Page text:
Delays in seeking medical care has been attributed to sharp rise in maternal mortality in the country Statistics from the Ministry of Health show that 210 out of every 100,000 expectant mothers die as a result of postpartum haemorrhage and fetal distress.
Postpartum haemorrhage is the loss of more than 500ml or 1,000ml of blood within the first 24 hours following childbirth while fetal distress is an emergency pregnancy, labour, and delivery complication in which a baby experiences oxygen deprivation.
Latest report on maternal mortality shows that one in 85 pregnant women in the country stand a chance of dying of pregnancy-related complications.
In 2019, about 900 mothers died while or after giving birth and cases are predicted to increase as pregnant women shy away from going to hospitals.
Rwanda Today also learnt that reduced numbers of doctors, nurses and other medical workers in hospitals after majority were deployed to fight coronavirus, many mothers opt to give birth at home in fear of contracting the virus.
A Rwanda Today mini-survey in four teaching hospitals and fifteen District hospitals in the country found that at least 15 doctors and nurses have been removed from the hospitals to be on the Covid-19 frontline.
which has left a gap in hospitals thaDr John Baptist Nkuranga, a paediatrician and specialist in neonatology at King Faisal Hospital, said even before the pandemic maternal deaths were high due to limited skilled personnel, health equipment, failure to identify early labour signs and limited diagnostic tools.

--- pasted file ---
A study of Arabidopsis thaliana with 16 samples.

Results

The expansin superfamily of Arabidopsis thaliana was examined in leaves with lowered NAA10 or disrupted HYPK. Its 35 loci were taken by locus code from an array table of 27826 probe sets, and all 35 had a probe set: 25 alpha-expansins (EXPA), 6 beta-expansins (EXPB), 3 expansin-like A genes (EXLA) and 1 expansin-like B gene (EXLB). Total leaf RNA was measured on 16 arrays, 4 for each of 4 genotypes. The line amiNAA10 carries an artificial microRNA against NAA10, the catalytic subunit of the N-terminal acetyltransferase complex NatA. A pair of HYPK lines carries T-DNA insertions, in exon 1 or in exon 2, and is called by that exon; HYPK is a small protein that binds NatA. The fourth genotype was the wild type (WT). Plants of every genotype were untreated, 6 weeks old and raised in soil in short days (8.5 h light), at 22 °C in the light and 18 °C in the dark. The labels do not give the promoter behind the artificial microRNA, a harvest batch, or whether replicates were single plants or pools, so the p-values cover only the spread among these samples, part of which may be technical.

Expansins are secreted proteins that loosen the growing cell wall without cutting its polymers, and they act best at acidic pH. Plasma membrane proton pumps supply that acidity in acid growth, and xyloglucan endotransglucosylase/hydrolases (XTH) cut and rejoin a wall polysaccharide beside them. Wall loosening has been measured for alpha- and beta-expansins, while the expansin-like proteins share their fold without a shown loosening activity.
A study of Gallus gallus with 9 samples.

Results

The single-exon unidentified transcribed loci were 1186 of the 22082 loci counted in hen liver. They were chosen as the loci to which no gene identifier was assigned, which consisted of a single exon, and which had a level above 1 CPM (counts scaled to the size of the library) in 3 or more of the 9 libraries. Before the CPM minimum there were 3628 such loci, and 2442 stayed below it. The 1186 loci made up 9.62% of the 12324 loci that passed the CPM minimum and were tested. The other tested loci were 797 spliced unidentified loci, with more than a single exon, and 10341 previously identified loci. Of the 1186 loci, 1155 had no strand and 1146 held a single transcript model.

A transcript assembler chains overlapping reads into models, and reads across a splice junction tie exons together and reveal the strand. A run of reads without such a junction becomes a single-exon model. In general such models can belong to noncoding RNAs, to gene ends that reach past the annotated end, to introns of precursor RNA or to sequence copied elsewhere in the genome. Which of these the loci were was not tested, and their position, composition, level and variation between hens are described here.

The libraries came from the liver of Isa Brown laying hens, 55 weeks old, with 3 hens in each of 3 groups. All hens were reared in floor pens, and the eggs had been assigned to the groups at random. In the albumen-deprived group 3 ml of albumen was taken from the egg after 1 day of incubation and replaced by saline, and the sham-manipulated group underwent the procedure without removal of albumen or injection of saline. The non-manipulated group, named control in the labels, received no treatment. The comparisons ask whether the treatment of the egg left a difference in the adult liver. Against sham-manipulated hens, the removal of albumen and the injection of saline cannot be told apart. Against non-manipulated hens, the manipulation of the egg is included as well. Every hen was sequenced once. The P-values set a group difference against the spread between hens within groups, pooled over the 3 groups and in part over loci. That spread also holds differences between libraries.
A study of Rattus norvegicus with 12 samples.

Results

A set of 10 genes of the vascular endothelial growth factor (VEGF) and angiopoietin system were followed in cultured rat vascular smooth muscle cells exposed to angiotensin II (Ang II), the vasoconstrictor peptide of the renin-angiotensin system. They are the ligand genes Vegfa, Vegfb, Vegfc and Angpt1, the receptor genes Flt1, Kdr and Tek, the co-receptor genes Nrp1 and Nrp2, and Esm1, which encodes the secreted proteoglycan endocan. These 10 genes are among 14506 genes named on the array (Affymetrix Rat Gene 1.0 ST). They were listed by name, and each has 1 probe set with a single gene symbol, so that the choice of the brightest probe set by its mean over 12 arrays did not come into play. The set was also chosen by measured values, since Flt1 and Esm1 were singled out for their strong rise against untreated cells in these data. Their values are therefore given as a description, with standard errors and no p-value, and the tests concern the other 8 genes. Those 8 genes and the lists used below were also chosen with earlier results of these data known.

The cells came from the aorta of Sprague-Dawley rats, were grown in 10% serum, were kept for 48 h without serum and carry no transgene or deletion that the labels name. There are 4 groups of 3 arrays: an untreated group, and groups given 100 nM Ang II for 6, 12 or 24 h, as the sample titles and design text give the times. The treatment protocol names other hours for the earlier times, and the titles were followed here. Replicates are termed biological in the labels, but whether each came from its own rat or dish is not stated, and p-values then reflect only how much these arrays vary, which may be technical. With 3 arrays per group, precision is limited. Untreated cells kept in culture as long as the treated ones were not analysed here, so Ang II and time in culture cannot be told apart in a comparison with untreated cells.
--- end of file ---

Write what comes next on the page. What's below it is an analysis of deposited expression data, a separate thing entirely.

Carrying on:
“Medical supply chain disruptions, lack of financial resources, and declining use of health services by people worried about infection are catastrophic for mothers and children than Covid-19 itself,” said Dr Nkuranga.
“For health practitioners to be able to reduce the rate of maternal deaths and postpartum haemorrhage, there is a need for more highly skilled personnel and regular training to practising medical doctors,” said Dr Nkuranga.
He said mothers and children are affected by the disruption of essential preventative and curative support and supplies resulting from suspensions of services and transport systems, as well as by financial constraints.
Dr Nkuranga estimates a devastating increase in the numbers of maternal and child deaths resulting from reductions in routine health service coverage.
According to the recent Lancet Global Health, a study on early estimates of the indirect effects of coronavirus pandemic on maternal and child mortality in low-income and middle-income countries, an additional 253,500 to 1.2 million children under five could die in the next six months.
“Cases of maternal deaths are still high but they have not increased because of coronavirus since they were already rising though not at a high rate before the outbreak,” said Dr Felix Sayinzoga, the Division Manager of the Maternal and Child Health at Rwanda Biomedical Centre.
“The focus has shifted to providing quality services to expectant mothers and training health personnel with new technologies, so with all that maternal deaths will be decreased and hope next year will have reduced to a reasonable rate,” says Dr Sayinzoga.
Dr Sayinzoga says that one of the challenges that increase maternal deaths are delays by communities to detect early signs of labour and post centres and health centres failure to transfer mothers with complications to hospitals on time for advanced treatment.